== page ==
Home Latest News Senate Polls Should be Open Ballot to Curtail Bribes: Imran Khan

Senate Polls Should be Open Ballot to Curtail Bribes: Imran Khan

by Newsweek Pakistan

File photo of Prime Minister Imran Khan. Aamir Qureshi—AFP

Pakistan’s prime minister claims 20 PTI lawmakers were paid Rs. 50 million each in last Senate elections to vote against party candidates

Claiming that 20 Pakistan Tehreek-e-Insaf lawmakers from Khyber-Pakhtunkhwa were paid Rs. 50 million each to vote against party candidates in the last Senate elections, Prime Minister Imran Khan on Friday said the government wanted to curtail such bribery by introducing an open-ballot system.

“Money goes to the very top,” he claimed during an interaction with journalists in Sahiwal, adding that he had also been offered money to vote for certain candidates during his years as a parliamentarian. He reiterated his claims that the parties opposing the introduction of open ballot would “stand exposed,” because they supporting buying loyalty through corruption.

Khan said the PTI had expelled 20 lawmakers after finding them guilty of taking Rs. 50 million in bribes for horse-trading in the 2018 Senate polls. “We know who is raising money to buy loyalties this time,” he claimed, without naming anyone.

Terming the practice of money-for-votes a “betrayal,” he said the Senate represented provinces in the federation and bribes raised questions about the ability of members of the Upper House to represent their respective provinces. “What kind of democracy is this where legislators sell their vote by taking money?” he said.

Acknowledging that his government lacked a two-thirds majority in Parliament to pass a constitutional amendment, the prime minister said the government would still table the legislation in its bid to curb horse-trading.

Per routine, the bulk of Khan’s press conference revolved around him accusing the opposition of corruption. He reiterated his claims of former prime minister Nawaz Sharif backing land grabbers, and claimed that it was an “insult to ulema” to refer to Jamiat Ulema-e-Islam (Fazl) chief Maulana Fazlur Rehman as a “maulana.” He alleged that the Pakistan Democratic Movement president had used funds intended for madrassas to become a billionaire, adding that the PDM was fated to fail, as “looters had united” to “blackmail” him.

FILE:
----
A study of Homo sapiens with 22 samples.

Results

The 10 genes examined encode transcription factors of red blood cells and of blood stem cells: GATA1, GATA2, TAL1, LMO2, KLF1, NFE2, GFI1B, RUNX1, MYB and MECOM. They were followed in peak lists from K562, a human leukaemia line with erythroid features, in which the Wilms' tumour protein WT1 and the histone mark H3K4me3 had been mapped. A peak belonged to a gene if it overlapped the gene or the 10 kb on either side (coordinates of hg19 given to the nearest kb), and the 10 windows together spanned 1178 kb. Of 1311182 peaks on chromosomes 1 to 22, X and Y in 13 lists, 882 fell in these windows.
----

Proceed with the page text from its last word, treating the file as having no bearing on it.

Referring to the PTI’s foreign funding case—pending before the Election Commission of Pakistan for over six years—the prime minister reiterated his claims that the opposition had been trapped by the same net they had sought to target the PTI with. He claimed the PTI had nothing to hide, as it had already provided the ECP with data of around 40,000 accounts who had donated to the party. He challenged all opposition parties to produce details of even 1,000 accounts who had funded them.

To a question on the opposition’s criticism of the government appointing former Supreme Court judge Azmat Sheikh to probe the Broadsheet scandal, Khan claimed they would not acknowledge any forum that decided against them. “They have refused to acknowledge NAB’s authority. In the past, they used to get decisions from the judges according to their liking,” he claimed.